Tests & Results
Results of Tests and Investigations
Wherever possible, please telephone for test results after 3pm to 5pm as this is the period when the telephone lines and administrative staff are least busy and so best able to help.
General Information About Test Results
Please remember that the staff can only act in accordance with the Doctor's instructions so may not be able to give you a result. This does not necessarily mean that there is a problem but simply that the Doctor needs to see you or talk to you to explain the whole situation.
Results can be given to someone other than the patient if previously arranged with Doctor.
The results of tests carried out during hospital visits are not normally sent to the practice.
Results for patients over 16yrs can only be given to the patient.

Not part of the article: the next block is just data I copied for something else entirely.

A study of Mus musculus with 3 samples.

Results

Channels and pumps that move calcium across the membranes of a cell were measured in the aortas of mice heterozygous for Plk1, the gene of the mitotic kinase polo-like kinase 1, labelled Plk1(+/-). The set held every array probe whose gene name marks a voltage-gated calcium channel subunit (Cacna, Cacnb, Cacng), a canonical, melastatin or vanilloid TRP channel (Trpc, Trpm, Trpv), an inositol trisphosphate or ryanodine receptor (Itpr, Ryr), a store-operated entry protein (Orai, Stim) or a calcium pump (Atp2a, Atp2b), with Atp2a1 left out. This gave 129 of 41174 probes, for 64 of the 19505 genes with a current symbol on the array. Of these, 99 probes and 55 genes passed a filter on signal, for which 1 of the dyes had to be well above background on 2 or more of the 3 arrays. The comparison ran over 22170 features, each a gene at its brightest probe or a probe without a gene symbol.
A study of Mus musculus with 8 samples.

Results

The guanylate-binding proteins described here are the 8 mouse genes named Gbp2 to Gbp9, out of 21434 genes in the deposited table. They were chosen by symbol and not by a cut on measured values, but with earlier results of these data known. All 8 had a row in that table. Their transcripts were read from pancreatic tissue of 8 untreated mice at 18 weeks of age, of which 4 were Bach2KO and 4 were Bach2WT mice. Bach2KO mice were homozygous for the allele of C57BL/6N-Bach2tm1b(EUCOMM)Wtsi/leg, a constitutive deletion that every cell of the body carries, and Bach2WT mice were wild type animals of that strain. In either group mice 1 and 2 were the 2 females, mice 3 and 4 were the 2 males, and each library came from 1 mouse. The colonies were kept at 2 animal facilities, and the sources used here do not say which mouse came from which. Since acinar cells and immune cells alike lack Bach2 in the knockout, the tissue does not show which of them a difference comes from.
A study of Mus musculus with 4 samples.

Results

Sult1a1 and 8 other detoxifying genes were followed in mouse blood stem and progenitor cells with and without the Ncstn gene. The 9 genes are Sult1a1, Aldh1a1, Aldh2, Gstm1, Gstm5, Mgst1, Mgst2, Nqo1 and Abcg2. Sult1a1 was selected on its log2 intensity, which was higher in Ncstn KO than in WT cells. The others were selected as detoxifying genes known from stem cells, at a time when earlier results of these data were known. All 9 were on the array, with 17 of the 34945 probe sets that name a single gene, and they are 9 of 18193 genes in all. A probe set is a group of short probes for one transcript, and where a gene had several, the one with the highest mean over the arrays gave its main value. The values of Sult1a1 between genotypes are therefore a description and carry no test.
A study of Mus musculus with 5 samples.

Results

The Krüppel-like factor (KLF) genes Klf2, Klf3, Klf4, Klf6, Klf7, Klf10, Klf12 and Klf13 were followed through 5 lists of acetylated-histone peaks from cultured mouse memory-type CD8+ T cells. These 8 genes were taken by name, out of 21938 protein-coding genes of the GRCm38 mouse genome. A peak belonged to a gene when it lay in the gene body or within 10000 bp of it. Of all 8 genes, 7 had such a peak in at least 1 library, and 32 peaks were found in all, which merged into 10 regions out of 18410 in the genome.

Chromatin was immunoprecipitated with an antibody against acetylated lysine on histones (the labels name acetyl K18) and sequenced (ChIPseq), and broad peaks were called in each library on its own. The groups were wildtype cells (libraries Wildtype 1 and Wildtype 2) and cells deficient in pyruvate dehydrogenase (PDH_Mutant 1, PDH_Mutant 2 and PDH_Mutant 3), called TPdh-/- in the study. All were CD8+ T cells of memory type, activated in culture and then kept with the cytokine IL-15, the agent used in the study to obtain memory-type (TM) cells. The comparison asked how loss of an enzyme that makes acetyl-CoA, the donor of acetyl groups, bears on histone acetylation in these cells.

Below is a rough guide to how long results can take to come through.
Type of Test
Usual Time for Results
|X-Ray||Up to 2 weeks|
|Blood tests||2 - 7 days, depending on the test|
|Urine||Within 7 days|
There are daily blood test clinics at the Laurels Healthy Living Centre, opposite St Ann's Hospital main entrance. Please make an appointment by calling:
020 8887 2143
020 8887 3663
020 8887 3664
Or you can walk in
Blood tests at the Laurels Healthy Living Centre are located close to its reception area, opposite the centre's cafeteria. You need to take a ticket and wait to be called
An X-ray is a widely used diagnostic test to examine the inside of the body. X-rays are a very effective way of detecting problems with bones, such as fractures. They can also often identify problems with soft tissue, such as pneumonia or breast cancer.
If you have an X-ray, you will be asked to lie on a table or stand against a surface so that the part of your body being X-rayed is between the X-ray tube and the photographic plate.
An X-ray is usually carried out by a radiographer, a healthcare professional who specialises in using imaging technology, such as X-rays and ultrasound scanners.
You can find out more about x-ray tests, how they are performed, their function and the risks by visiting the NHS Choices website.